By Cornish Guardian  |  Posted: December 15, 2013

HAPPY HOGLETS:  Katy and Diane South with two of the hedgehogs they have nursed.

HAPPY HOGLETS: Katy and Diane South with two of the hedgehogs they have nursed.


It may sound like a joke, but one Cubert family has made the punchline a reality, transforming a garden shed into a treatment room that has housed 70 animals this year.

They even decided to keep the name 'hogspital' after setting up a charitable organisation, Prickles & Paws Hedgehog Rescue, to help injured or abandoned critters.

The pair, backed by Diane's husband Martin, secured a grant from Cornwall Council's community chest to transform the shed and install electricity and custom-built hutches earlier this year.

Now they are urging people to keep their eyes peeled for "wobbly", underweight hedgehogs this winter, as a late autumn means many hoglets will not be big enough to hibernate.

Mrs South, 49, said: "If you see hedgehogs out during the day, especially in winter, then that's usually a cause for concern, particularly if they are wobbly on their legs. We're here to look after them at the hogspital and at the moment we are doing very well.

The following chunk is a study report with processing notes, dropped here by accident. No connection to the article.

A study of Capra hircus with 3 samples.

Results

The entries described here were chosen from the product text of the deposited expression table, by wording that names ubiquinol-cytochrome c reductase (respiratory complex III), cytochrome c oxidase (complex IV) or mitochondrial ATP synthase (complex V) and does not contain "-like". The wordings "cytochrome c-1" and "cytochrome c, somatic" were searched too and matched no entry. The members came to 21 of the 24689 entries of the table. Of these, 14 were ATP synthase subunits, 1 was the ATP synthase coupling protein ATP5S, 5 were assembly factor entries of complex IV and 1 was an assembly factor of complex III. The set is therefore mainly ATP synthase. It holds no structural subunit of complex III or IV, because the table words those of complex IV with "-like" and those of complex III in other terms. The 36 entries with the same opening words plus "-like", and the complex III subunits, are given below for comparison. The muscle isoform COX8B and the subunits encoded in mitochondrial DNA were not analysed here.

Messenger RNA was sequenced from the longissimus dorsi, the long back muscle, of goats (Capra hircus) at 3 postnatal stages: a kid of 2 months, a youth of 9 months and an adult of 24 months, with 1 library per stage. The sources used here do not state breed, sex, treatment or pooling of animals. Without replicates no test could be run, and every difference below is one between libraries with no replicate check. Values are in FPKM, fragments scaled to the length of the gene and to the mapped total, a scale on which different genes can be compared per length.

"It's very rewarding releasing them. To see them snuffling around in their natural environment is amazing. It makes it all worthwhile."

They currently release around three quarters of the hedgehogs that come into their care, although a tough summer saw many youngsters die across the county.

"We lost a good few," said Mrs South. "We had an awful lot of tiny hoglets, some just 20g in weight, and it's almost impossible to get them to survive. It's heartbreaking."

The family now spends more than three hours a day caring for 15 hedgehogs, and is looking for funding to pay for a 'chick brooder' which provides gentle heat for weak babies, and an incubator.

Mrs South said: "We are always grateful for donations, and really rely on them.

"We were funding it ourselves but it got too expensive so we became a charitable organisation. It means we can access grants, like the council's community chest."

The hedgehog rescue service began three years ago when animal-lover Katy, now 19, took in several animals from a local vet's, before beginning a degree in conservation.

She and her mum then became registered carers with the British Hedgehog Preservation Society, and it "snowballed from there", according to Mrs South.